An accident at 20 left Warren Coconut with a brain injury, but thanks to NDIS funding and dedicated remote disability providers, he’s got all the support he needs to rebuild his life so he can enjoy greater inclusion in his community.
Thirty years on from his injury, Warren now receives daily meal preparation, support with weekly house cleaning, he has a new scooter, and he receives four hours of one-on-one support a week from providers My Pathway and Napranum Aged and Disability Service.
Weekly one-on-one support is helping Warren to relearn simple tasks like colouring in and drawing. To everyone’s delight, his artwork is triggering his memories prior to the accident, many thought would never return.
Warren is also being supported to rebuild other life skills like reading, writing, banking, budgeting, shopping, and learning to keep track of time so he can manage his day-to-day life better.
He is also enjoying greater independence on his new scooter, able to drive himself around his community actively engaging with people and visiting his favourite spots – the beach and the Embly river where he likes to fish.
Warren’s mum, respected Napranum elder, Maryanne Coconut said these simple supports have had such a positive impact on her son’s life and it’s a result of genuine collaboration between, herself, My Pathway and the Napranum Aged and Disability Service.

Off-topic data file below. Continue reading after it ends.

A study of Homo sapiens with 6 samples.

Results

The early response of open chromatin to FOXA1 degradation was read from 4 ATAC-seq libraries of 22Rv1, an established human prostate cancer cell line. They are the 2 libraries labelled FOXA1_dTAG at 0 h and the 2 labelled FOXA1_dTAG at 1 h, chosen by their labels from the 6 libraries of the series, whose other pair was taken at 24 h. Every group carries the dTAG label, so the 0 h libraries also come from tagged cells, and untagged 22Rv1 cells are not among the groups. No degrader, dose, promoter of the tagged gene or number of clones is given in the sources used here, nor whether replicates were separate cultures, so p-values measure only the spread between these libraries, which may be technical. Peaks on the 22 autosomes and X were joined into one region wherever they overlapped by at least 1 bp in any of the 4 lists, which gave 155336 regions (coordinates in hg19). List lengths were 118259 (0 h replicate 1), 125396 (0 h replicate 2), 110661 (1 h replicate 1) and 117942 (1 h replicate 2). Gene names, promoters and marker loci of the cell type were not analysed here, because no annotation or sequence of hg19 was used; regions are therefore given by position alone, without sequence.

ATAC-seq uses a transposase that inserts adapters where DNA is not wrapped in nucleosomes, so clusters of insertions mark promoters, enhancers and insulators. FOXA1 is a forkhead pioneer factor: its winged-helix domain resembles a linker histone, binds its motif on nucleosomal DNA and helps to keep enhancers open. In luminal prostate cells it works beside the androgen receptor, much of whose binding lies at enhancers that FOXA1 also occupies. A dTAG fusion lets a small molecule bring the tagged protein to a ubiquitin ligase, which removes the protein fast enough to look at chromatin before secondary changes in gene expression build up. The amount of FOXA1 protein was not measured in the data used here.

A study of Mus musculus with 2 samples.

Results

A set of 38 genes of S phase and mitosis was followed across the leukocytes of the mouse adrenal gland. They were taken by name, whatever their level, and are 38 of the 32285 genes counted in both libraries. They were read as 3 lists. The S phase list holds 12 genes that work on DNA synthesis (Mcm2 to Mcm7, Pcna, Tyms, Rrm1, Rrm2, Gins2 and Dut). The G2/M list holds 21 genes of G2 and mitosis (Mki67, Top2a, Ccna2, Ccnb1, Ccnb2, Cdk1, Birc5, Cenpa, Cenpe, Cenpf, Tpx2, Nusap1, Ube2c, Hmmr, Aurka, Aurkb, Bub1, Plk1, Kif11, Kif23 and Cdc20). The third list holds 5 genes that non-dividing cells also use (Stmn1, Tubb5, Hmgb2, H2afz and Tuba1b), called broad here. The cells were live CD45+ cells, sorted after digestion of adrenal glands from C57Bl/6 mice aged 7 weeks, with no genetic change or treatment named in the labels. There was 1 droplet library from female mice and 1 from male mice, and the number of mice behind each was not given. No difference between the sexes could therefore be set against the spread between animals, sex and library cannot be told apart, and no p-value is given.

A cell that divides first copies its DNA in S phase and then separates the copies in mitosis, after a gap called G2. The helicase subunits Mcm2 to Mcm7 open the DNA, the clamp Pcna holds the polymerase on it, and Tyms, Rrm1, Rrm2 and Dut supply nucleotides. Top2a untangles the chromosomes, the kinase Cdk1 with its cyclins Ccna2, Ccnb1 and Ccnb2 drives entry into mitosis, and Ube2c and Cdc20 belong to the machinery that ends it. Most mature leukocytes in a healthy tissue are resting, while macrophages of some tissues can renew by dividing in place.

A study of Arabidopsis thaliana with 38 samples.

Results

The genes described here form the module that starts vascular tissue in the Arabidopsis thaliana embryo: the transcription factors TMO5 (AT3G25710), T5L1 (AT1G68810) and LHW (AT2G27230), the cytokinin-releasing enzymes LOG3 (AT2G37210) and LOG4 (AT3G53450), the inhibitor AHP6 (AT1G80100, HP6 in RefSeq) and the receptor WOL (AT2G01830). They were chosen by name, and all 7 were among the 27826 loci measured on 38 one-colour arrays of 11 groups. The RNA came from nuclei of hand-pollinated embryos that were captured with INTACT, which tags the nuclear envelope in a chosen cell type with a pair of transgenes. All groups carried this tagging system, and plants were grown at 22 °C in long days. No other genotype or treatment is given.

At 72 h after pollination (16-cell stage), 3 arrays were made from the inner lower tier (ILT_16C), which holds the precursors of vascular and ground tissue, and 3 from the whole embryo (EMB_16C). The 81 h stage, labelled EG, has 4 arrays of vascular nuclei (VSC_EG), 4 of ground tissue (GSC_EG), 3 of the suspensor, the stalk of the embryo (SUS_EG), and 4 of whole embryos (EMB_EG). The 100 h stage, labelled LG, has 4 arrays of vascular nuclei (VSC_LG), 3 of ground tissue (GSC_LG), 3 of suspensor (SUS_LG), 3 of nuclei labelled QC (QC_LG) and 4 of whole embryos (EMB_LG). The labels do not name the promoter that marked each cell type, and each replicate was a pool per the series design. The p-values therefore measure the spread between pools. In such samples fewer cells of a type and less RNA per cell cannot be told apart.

“Warren fell and hit his head on a bitumen road when he was 20. He was rushed to Townsville Hospital and had to have an operation on his head. When he woke, he couldn’t move his right side, he lost his speech and he couldn’t walk properly,” Maryanne said.
“We thought he wouldn’t walk again, but he is very courageous, strong. He started trying to walk around the house, then he got stronger and started to walk a bit better.
“Then his voice came back, and he started to talk. At home we have always encouraged him to do things. He gets up in the morning, showers and shaves and he can make his own tea.”
Maryanne said Melissa, from My Pathway, has been a great help and the one-on-one support she provides has really helped to improve Warren’s life.
“Trusting someone to help is a big thing for us, but I can see Warren has a lot of trust in Melissa. He looks forward to her visits and I can see he enjoys doing activities with her.”
Melissa said while she had worked in community on and off for 8 years, she didn’t know Warren and Maryanne at first, but Maryanne soon helped her to understand Warren and where he required support.
“I found Warren got agitated easily and quickly, so I started to implement art activities, and these have had a very calming effect on him,” she said. “I find he really starts to focus, and it has helped him to remember parts of his life prior to his accident.”
Melissa said when Warren has a memory, he gestures to his head.
“Last week he drew a bus with people in it. I asked him what kind of bus it was and who was in it. He said it was his school bus and he was in it with his friends, and they were heading to Weipa North, which is where he went to school,” Melissa said.
“I’ve been amazed at what he’s been able to remember. It just shows this kind of support is fantastic for triggering memories. It’s also good for Warren’s broader mental health.”
Melissa and Maryanne said they were so proud of Warren and his determination to achieve.
“Warren is improving more and more each week,” Melissa said.
“It just goes to show simple supports do work and they can make a world of difference in improving people’s lives.”